Well, I’m running out of days to put this writing stuff off, so here we go! SimCity! Oh yeah!
SimCity was a launch title on the Super Nintendo, which is kind of weird to think about because it was one of those games that was so perfectly suited to mouse-and-keyboard control that it really didn’t belong here at all. Now, looking back, it seems bizarre to have built most of my Maxis-based metropolises with a D-pad and 4 round buttons (sure, shoulder buttons, too, but don’t ruin the metaphor). Apparently, there was also an NES version of SimCity that never saw release, so imagine playing with four buttons, tops!
Anyway, enough about buttons. Yet, honestly, there was a Super Nintendo mouse for Mario Paint, so why didn’t they make it work for SimCity? Well, technically, I suppose, the mouse didn’t arrive until 1992 when Mario Paint was published, and it likely wasn’t ready at the time of the SNES/SimCity launch. But then, they could have at least made the mouse backwards-compatible, right? Wrong, I guess. I have no idea. Anyway, I guess you can use the SNES mouse for a lot more games than I thought—including SimAnt (see this handy Wikipedia list), another Will Wright/Maxis classic—and Sid Meier’s Civilization, which also made its way to SNES (like SimCity, it was pretty much ported to anything with a motherboard in the early 90s). At least as recently as July 2019, however, there was a patch on GitHub allowing you to kind of use the SNES mouse with SimCity. However, notably, the “mouse buttons don’t work” and it’s a “purely visual” effect, so there goes that dream.
Wow, enough about those mouse buttons! I’m so sorry. I guess I’m obsessed with mice and keyboards versus d-pads and control sticks because so much of the software from my formative years is tangibly linked to the hardware we’d play it on. Playing Marathon 2 (don’t worry, we’ll get to that one later) on a big, chonky trackball was quite memorable.
Despite the whole controller thing, I never had any major issues handling Super Nintendo’s SimCity. Part of it was because there wasn’t a whole lot of pressure built into the game. You weren’t racing against the clock, like, ever. Even if you had disasters on, you could be pretty leisurely about putting out fires or rebuilding after floods. I mean, this neighborhood needed a facelift anyway, right? And if you were ever running of money, there was an easy cheat to refill the city coffers (or you could just check out and leave the system running for a while and collect three decades worth of taxes with no infrastructure payments—just like the real bureaucrats). When you moved from one city size to a larger one, tiny, animated Mayor Wright with his green-cotton-candy coiffure would wish you well and then vanish for another few days. He was the perfect politician! SimCity was self-paced, and like all great Maxis games, it was one of what Will Wright dubbed his “software toys,” programs with no real end goal or external pressure.
Somehow, though, SimCity was one of the first games to teach me a bit about min-maxing. Whether from browsing Nintendo Power magazine or checking out some off-brand player’s guide borrowed from the library, somewhere I found there was a strategy to how you built these simulated cities. So, one fateful day, my winding roads and quaint townships transformed into donut blocks divided by rigid black rail lines. The 8-building blocks, separating residential, commercial, and industrial zones, grew most efficiently, the magazines all said, and you could dump a region’s entire pollution problem by offering citizens railroads instead of automobiles. Somehow, none of the Sims minded my brutalist dystopias.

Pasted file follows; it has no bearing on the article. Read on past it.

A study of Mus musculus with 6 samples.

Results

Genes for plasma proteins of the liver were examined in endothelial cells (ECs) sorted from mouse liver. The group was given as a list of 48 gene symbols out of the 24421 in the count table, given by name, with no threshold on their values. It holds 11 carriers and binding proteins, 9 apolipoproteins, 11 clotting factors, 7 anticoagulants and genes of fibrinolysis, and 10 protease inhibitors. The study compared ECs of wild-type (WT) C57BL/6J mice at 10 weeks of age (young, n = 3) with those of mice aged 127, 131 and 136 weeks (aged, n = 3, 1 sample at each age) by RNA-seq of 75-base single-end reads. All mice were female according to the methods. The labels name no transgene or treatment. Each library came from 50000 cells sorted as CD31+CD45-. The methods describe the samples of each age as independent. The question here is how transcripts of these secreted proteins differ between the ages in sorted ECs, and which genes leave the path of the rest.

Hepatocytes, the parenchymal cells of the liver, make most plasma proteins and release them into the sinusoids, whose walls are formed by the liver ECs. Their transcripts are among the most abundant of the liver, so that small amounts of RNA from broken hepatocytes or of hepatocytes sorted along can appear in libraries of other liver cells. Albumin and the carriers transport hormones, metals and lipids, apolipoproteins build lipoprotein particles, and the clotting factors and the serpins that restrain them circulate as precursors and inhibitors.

There was something of a goal in this purportedly objective-free game: try to achieve a population of 500,000 Sims in one city. So, I tried. Time and again, I cleared 100,000 citizens to create a metropolis, no problem. I started trying for efficiency, min-maxing even though we didn’t call it that back in the day. I picked the map with the least water coverage, the most usable land for building. I packed that place with more donuts than Springfield. And yet I could never quite get to the max. At about 470,000 or 480,000 people, growth would end, I’d run out of construction space, and the dream ended (I can still picture that ideal map, Map 61).
Before long, I was bored. The fun of city-building was kind of lost in the quest for efficiency, I had other SNES games calling for my time. The leisurely sense of a game without overt directions or responsibilities was gone, killed off by my need to win. And yet I never “beat” that challenge—it just kind of killed the game for me.
But at its peak, SimCity meant a lot to me, at the time a serious kid trying to make my way in a rigid world. Being able to control and plan an entire city or region offered a lot of power and joy to a middle kid in elementary school who never even had his own room, much less his own mayorship.
I loved the Sim games in general, at least the ones Will Wright put together. Because he knew that a video game was better if it wasn’t a game at all, but a toy, one you could play with in all kinds of ways. A real game is not a task to be completed or a path to a single goal. I wonder, if he would have known how frustrated I was at trying to min-max that stupid map, if Mr. Wright might have simply taken the Megalopolis designation out of the game to make it just a little more fun for me.
Even so, SimCity always offered something more to strive for, something more to tweak and perfect, and it promised that things tomorrow would be just a little better than today. And best of all, the goals you made were nobody’s but yours. Just, you know, make it work with a mouse next time, please!